Published: 10th November 2023
The personal allowance is a fixed amount that each individual can earn before income tax is charged each year. In some circumstances, it may be that one spouse (or civil partner) does not use their entire allowance. For example, if they aren’t working or they work part time. Eligible couples can apply to transfer £1,260 of unused allowance to the other partner, reducing their tax bill by up to £252 per tax year.
HMRC’s guidance says that the following criteria must be met to make a claim:
However, this is misleading – particularly the second point (see below). HMRC has now launched an online tool to help couples check how much money they can save by claiming the marriage allowance. The tool then guides users to apply online. As a bonus, if you were eligible in previous years but didn’t claim, the claim can be backdated for up to four tax years, which would net you a nice pre-Christmas windfall.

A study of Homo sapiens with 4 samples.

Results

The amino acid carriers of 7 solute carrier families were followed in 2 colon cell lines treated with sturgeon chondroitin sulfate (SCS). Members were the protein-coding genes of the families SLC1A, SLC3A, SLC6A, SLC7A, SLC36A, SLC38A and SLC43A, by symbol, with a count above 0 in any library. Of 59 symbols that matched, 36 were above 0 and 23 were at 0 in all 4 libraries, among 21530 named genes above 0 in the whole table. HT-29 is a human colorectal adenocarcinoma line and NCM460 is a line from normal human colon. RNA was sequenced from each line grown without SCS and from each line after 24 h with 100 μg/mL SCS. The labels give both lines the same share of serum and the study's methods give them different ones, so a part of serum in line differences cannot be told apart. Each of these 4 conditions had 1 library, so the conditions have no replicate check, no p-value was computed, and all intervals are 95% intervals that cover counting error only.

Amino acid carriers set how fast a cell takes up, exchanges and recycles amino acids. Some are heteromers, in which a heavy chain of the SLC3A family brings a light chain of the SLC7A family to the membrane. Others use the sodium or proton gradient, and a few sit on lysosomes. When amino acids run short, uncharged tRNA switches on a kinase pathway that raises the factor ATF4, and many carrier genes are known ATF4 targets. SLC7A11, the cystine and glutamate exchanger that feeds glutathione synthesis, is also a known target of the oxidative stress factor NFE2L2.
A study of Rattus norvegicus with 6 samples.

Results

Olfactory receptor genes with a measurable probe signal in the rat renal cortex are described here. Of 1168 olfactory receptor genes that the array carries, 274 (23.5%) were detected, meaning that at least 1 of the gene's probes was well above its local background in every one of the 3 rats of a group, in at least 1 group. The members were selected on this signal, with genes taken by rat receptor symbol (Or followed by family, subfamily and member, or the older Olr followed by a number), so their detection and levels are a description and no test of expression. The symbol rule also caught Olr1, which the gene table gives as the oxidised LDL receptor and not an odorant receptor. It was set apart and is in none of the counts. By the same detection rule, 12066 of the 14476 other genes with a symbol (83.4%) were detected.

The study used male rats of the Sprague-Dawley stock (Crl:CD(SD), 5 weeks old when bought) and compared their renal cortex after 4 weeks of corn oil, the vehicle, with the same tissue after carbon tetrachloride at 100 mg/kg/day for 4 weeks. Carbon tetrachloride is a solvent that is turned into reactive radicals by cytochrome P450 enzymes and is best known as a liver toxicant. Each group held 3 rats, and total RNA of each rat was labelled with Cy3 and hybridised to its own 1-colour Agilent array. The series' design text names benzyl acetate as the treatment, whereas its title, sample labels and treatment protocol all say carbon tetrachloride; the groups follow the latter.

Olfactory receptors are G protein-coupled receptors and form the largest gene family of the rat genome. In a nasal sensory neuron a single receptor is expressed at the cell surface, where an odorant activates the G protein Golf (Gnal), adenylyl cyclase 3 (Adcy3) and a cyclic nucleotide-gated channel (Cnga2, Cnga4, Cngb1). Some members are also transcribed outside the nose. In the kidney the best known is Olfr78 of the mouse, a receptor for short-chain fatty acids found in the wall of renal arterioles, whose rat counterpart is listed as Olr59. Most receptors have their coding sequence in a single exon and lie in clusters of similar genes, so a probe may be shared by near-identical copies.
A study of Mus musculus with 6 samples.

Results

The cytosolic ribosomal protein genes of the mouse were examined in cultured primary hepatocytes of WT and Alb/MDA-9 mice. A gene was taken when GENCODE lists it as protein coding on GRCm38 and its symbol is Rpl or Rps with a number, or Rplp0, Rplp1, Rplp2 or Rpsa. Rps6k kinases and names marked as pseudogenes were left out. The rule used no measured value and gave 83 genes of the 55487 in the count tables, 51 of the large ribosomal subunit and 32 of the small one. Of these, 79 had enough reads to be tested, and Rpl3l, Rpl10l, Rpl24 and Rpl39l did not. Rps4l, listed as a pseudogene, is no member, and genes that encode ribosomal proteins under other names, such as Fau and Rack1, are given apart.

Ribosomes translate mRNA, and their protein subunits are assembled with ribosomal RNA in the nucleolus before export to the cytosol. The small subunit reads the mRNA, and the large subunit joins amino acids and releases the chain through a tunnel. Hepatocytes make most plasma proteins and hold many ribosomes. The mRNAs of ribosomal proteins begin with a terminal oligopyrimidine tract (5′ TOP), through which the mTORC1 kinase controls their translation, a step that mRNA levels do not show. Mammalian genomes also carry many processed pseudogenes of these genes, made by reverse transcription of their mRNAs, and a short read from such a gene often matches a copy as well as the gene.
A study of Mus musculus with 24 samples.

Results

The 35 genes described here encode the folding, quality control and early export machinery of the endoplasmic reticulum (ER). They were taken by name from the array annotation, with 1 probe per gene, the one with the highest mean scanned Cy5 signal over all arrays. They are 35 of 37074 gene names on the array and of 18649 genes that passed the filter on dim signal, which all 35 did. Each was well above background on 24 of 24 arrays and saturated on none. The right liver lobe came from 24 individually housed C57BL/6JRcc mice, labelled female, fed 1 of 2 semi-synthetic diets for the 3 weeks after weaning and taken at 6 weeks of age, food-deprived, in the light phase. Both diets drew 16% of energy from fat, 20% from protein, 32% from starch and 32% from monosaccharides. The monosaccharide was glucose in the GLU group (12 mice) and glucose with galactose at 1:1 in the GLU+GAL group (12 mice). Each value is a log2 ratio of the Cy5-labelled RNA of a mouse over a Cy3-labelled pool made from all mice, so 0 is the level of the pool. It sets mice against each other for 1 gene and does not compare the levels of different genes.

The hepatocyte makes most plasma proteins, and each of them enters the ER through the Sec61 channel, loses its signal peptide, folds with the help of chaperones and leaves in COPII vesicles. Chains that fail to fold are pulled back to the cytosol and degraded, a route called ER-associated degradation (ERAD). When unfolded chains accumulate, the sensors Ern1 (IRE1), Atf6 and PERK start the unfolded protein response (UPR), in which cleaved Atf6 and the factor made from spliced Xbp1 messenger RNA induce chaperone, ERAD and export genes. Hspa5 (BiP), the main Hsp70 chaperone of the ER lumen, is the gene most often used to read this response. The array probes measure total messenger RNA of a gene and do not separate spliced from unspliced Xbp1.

The tool is very limited though. It will only work in the most simple of circumstances, e.g. where you both have only earned income. If you have savings and/or dividend income it won’t help you. The guidance saying one individual needs to have income below £12,570 is wrong, and again will only apply where there is only earned income etc. There are circumstances where making a claim is still beneficial.
Example. James and Jon are civil partners. James is employed and earns £40,000 for 2023/24. Jon is a serial investor and receives dividends of £20,000. James will pay tax at 20% on £27,430 of his salary after deducting the personal allowance. Jon will pay tax at 8.75% on £6,430 of his dividends after accounting for the personal allowance and dividend allowance. The total tax bill for the couple will be £6,049. If Jon makes an election for the marriage allowance, James will pay 20% on £26,170 (after the extra £1,260 from Jon’s allowance). Jon will pay tax at 8.75% on £7,690. The overall tax bill is now £5,907 – a saving of almost £150.